To Fly and Fight: Memoirs of a Triple Ace
The Californian's enduring love of flying began in the 1920s with the planes that flew over his father's farm. In January 1942, he entered the Army Air Corps Aviation Cadet Program. Later after he received his wings and flew P-39s, he was chosen as one of the original flight leaders of the new 357th Fighter Group. Equipped with the new and deadly P-51 Mustang, the group shot down five enemy aircraft for each one lost while escorting bombers to targets deep inside Germany. But the price was high. Half of its pilots were killed or imprisoned, including some of Bud's closest friends.
In February 1944, Bud Anderson entered the uncertain, exhiliarating, and deadly world of aerial combat. He flew two tours of combat against the Luftwaffe in less than a year. In battles sometimes involving hundreds of airplanes, he ranked among the group's leading aces with 16 1/4 aerial victories. He flew 116 missions in his Old Crow without ever being hit by enemy aircraft or turning back for any reason desipte one life or death confrontation after another.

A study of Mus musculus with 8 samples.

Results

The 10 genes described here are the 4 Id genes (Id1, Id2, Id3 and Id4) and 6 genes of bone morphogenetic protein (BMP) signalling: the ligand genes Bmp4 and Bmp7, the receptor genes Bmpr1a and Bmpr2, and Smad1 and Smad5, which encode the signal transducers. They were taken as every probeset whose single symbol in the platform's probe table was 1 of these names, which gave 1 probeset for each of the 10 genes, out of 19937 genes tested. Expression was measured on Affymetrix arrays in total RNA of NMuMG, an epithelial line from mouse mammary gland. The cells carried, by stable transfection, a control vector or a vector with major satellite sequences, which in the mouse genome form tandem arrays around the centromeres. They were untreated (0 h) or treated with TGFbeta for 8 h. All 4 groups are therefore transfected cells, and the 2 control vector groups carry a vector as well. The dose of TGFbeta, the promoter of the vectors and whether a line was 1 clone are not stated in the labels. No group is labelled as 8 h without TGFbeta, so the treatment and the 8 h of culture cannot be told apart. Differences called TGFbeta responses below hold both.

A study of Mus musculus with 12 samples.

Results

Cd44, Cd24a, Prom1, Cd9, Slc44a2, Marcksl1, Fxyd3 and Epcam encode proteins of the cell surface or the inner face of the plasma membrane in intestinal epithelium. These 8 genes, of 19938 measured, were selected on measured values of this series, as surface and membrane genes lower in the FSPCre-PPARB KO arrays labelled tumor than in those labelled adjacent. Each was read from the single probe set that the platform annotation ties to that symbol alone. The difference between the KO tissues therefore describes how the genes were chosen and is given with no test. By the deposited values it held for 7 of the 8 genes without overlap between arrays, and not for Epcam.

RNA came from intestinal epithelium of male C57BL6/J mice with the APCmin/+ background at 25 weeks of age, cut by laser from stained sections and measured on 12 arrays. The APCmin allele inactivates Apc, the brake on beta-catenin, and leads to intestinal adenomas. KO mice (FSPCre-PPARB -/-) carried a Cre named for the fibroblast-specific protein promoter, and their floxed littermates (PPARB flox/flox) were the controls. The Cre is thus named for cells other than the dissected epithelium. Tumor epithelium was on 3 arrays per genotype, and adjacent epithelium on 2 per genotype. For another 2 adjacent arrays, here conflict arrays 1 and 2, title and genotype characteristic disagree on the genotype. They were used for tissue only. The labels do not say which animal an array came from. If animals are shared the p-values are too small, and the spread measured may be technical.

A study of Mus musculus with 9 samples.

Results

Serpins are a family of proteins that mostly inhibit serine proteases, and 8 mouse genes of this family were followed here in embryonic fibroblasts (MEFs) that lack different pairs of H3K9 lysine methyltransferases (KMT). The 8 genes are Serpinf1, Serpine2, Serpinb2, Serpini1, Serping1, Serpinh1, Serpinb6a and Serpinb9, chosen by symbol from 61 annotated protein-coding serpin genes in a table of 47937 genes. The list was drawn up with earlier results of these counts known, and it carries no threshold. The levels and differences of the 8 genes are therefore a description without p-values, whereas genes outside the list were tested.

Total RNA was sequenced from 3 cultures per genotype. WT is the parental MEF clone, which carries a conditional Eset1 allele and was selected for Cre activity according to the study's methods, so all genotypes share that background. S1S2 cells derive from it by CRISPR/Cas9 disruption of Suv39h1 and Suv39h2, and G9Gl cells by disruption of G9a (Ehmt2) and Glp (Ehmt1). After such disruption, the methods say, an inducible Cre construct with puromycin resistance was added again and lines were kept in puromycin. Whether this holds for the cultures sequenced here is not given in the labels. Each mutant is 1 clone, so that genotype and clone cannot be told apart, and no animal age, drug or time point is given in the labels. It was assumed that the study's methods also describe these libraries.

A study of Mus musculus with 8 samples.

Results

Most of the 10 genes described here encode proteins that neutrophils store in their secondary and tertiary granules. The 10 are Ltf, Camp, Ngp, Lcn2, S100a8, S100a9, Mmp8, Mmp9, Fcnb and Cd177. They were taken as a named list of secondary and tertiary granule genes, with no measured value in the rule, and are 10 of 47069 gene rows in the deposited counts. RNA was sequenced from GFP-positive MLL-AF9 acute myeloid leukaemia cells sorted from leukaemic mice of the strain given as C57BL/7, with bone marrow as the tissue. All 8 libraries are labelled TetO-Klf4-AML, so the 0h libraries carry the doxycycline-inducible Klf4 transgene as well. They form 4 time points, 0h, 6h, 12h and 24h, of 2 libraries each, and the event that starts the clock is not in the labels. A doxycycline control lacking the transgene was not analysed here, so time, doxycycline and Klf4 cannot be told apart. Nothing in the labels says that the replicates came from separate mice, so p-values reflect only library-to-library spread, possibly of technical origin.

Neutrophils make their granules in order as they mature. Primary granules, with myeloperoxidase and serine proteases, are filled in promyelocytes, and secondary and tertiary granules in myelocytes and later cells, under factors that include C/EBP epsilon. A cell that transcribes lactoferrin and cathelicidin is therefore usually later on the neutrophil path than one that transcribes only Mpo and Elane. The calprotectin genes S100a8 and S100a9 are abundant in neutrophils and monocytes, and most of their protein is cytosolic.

His friend Chuck Yeager, who flew with Anderson in the 357th says, "In an airplane, the guy was a mongoose--the best fighter pilot I ever saw."
Bud's years as a test pilot were at least as risky. In one bizarre expirement, he repeatedly linked up in midair with a B-29 bomber. As in combat, he lost many friends flying tests such as these.
Bud commanded a squadron of F-86 jet fighters in postwar Korea and a wing of F-105s on Okinawa during the mid 1960s. In 1970 at age forty-eight, he flew combat strikes as a wing commander against communist supply lines
To Fly and Fight is about flying, plain and simple--the joys and dangers and the very special skills it demands. Touching, thoughtful and dead honest, it is the story of a boy who grew up living his dream.